Augustus Welby Northmore Pugin was the most influential English ecclesiastical architect of his day and the principal theoretician of the Gothic revival. Born in London on March 1, , A. Pugin was the son of, and early assistant to, Augustus Charles Pugin, the producer of pattern books of Gothic building, such as Examples of Gothic Architecture The younger Pugin's conversion to Catholicism in led to a series of publications defending his chosen religion against the Established Church and advocating a correct Gothic style for its buildings.
He studied with his father, the French-born architect Auguste Charles Pugin Pugin, who favored the revival of fourteenth-century gothic, attempted to create entire coherent, consistent architectural and interior environments in this style, and by designing an entire "range of interior fittings," he attempted "to express entire schemes of design in Gothic terms, rather than employ Gothic architectural details as means of decorationa" Collins Encylcopedia.
According to Rowland Elzea, "when only fifteen [he] was designing silverware in the Gothic style for the Royal Goldsmiths, Rundell, Bridge, and Rundell, and furniture for Morel and Seddon, who were then supplying furniture for the redecoration of Windsor Castle.
He first set up on his own in with a small workshop specialising in furniture, but this was not successful. In he remarried and started his architectural career. In and and again in and he worked with Charles Barry on the designs for the new Houses of Parliament with responsibility for designing all the ornamental detail, and probably also the execution of the working drawings.
From until his death, he designed many churches and houses as well as designing their furnishings. He was a prolific designer of stained glass, metalwork, furniture , textiles, wallpapers, ceramics, embroideries, and jewellery. After his conversion to Roman Catholicism in , he published Contrasts , which argued that since gothic was an expression of a Roman Catholic society, only such a society could produce true gothic -- a position that he continued to expound in True Principles of Pointed Architecture published According to a leading historian of architecture, by thus imbuing architecture with ideology, Pugin created the " Victorian dilemma of style.
The Collins Encyclopedia points out that although his "furniture for private houses [was] often simple, with restrained, carved decoration, naturalistic, flat-patterned coloured inlays," he also produced more elaborate gothic pieces, such as those for the Medieval Courts at the exhibition , which were "decorated with delicate tracery, cresting, and heraldic devices.
Much of his influence in design came after his death in "as a result of elaborate carved furniture made in his idiom by J. Pugin also created the "pattern for English Gothic jewellery and revived use of enamelling as integral part of design; influenced ecclesiastical and other jewellery. New York: Random House, Elzea, Rowland and Betty. The Pre-Raphaelite Era, Wilmington, Delaware Art Museum, Ferrey, Benjamin.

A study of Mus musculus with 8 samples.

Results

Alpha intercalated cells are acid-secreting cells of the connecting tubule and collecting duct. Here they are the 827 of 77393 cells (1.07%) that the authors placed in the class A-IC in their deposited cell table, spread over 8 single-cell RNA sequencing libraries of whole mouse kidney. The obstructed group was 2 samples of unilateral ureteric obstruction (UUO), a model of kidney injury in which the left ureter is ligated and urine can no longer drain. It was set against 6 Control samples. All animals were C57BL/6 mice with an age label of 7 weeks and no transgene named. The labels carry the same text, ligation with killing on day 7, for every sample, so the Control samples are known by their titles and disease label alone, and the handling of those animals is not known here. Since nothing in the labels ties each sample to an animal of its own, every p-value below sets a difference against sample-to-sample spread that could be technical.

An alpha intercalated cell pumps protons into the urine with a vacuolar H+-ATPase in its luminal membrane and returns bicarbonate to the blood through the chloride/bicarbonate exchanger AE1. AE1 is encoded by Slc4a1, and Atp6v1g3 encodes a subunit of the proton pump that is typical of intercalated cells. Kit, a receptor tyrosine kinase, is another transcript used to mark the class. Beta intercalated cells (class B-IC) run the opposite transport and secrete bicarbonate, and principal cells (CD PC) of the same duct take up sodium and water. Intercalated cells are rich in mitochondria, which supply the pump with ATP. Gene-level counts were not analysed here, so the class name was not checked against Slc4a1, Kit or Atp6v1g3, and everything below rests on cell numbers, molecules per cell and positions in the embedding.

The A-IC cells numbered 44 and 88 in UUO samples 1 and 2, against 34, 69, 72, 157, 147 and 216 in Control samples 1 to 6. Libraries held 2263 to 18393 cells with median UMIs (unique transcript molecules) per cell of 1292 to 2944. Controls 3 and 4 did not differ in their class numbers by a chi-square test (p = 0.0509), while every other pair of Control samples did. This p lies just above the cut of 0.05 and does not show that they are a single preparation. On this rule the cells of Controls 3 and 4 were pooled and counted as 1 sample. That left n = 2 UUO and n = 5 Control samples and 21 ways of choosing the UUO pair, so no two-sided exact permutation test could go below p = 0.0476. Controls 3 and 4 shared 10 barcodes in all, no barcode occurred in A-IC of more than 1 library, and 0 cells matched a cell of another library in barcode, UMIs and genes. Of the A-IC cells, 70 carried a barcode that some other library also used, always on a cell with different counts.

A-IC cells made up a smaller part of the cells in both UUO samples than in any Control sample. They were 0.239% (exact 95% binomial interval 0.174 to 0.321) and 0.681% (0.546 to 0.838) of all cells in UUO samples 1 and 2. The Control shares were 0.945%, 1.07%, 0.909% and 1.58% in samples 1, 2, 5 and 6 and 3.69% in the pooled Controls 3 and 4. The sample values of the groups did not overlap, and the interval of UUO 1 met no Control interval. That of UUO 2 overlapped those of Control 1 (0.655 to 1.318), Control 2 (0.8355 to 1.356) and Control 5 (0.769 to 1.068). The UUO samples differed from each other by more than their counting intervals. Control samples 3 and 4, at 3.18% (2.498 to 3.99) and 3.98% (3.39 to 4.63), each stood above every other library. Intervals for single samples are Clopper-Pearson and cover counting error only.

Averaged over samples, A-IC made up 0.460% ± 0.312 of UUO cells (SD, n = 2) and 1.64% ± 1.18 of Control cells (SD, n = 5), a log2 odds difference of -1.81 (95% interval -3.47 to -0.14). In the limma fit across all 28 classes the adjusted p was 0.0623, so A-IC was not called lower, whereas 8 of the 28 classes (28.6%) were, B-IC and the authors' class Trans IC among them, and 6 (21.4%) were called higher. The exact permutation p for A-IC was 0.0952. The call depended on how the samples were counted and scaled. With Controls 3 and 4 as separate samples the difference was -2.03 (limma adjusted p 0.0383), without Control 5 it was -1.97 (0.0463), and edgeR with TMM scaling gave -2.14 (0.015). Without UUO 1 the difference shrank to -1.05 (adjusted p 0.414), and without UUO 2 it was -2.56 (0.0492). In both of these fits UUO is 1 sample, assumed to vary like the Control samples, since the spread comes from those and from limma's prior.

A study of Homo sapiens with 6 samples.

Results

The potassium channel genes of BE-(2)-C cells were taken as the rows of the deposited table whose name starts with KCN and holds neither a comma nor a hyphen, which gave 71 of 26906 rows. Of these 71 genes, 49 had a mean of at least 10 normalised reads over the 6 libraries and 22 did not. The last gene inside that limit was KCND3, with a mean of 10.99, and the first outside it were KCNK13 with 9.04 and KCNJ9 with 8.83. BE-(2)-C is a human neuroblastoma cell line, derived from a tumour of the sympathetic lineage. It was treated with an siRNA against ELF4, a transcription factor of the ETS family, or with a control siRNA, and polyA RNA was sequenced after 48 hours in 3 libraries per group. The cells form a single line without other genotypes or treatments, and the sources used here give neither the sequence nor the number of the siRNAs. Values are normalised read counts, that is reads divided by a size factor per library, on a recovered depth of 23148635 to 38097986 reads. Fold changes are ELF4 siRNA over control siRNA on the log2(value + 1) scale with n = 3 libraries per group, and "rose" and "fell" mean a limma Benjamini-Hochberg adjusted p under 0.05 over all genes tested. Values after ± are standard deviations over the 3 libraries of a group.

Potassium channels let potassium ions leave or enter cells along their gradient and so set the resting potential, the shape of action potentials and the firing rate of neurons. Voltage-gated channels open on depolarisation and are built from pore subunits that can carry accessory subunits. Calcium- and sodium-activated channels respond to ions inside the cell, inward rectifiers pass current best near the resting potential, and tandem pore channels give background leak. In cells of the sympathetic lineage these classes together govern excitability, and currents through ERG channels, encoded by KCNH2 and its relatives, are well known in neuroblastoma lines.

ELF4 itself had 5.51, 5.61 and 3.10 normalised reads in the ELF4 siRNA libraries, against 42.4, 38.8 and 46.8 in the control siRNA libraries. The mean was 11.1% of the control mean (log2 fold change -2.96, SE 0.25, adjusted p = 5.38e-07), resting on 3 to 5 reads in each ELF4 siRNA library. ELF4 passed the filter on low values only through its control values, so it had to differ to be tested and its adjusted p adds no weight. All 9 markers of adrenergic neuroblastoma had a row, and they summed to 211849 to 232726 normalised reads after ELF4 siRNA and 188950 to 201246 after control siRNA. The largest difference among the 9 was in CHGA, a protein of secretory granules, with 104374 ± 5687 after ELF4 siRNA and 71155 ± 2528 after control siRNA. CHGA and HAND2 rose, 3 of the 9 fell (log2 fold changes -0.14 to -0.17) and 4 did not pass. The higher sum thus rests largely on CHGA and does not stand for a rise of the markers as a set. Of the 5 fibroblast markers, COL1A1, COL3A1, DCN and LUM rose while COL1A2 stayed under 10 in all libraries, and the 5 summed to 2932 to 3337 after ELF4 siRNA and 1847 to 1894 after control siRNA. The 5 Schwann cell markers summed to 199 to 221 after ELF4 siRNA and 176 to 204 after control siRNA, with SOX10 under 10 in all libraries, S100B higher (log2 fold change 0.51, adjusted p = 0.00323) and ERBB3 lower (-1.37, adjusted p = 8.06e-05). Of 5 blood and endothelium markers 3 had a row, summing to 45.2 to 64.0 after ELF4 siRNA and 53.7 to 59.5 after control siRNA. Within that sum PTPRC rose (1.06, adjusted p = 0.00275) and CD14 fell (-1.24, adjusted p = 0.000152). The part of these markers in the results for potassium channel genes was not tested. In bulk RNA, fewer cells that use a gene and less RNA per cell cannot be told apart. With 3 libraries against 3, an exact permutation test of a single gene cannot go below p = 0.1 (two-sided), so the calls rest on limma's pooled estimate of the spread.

Recollections of A. Pugin and His Father Augustus Pugin. London: Stanford, Gwynn, Denis R. Lord Shrewsbury, Pugin, and the Catholic Revival. London: Hollins and Carter, Stanton, Phoebe B. Baltimore: The Johns Hopkins Press, Trappes-Lomax, M. London: Sheed and Ward, Victorian Web.
Augustus Welby Northmore Pugin Facts
His work culminated in designing the interior of the Palace of Westminster in Westminster , London , England, and its iconic clock tower, later renamed the Elizabeth Tower, which houses the bell known as Big Ben. Pugin designed many churches in England , and some in Ireland and Australia. Between and , Pugin's father published a series of volumes of architectural drawings , the first two entitled Specimens of Gothic Architecture and the following three Examples of Gothic Architecture , that not only remained in print but were the standard references for Gothic architecture for at least the next century. Pugin learned drawing from his father, and for a while attended Christ's Hospital. After leaving school, he worked in his father's office, and in and accompanied him on visits to France.
Augustus Welby Northmore Pugin: Biography & Facts
Augustus Welby Northmore Pugin — was an architect, a designer, an artist and critic. His is a name that frequently appears when reading about theology, architecture, or the arts of the nineteenth century. Born in London in , the same year as Dickens, Pugin lived for a mere forty years. His early school education was rather informal, in fact he never attended school in the way we would think of it today. Specimens of Gothic Architecture. This job enabled him to travel in both England and France whereupon he spent much time drawing medieval buildings, a repeat of annual autumnal trips Pugin had taken with his father during his youth. Clearly ambitious Pugin set up his own business although that was to fail as early as , mainly because his optimism took precedence over experience.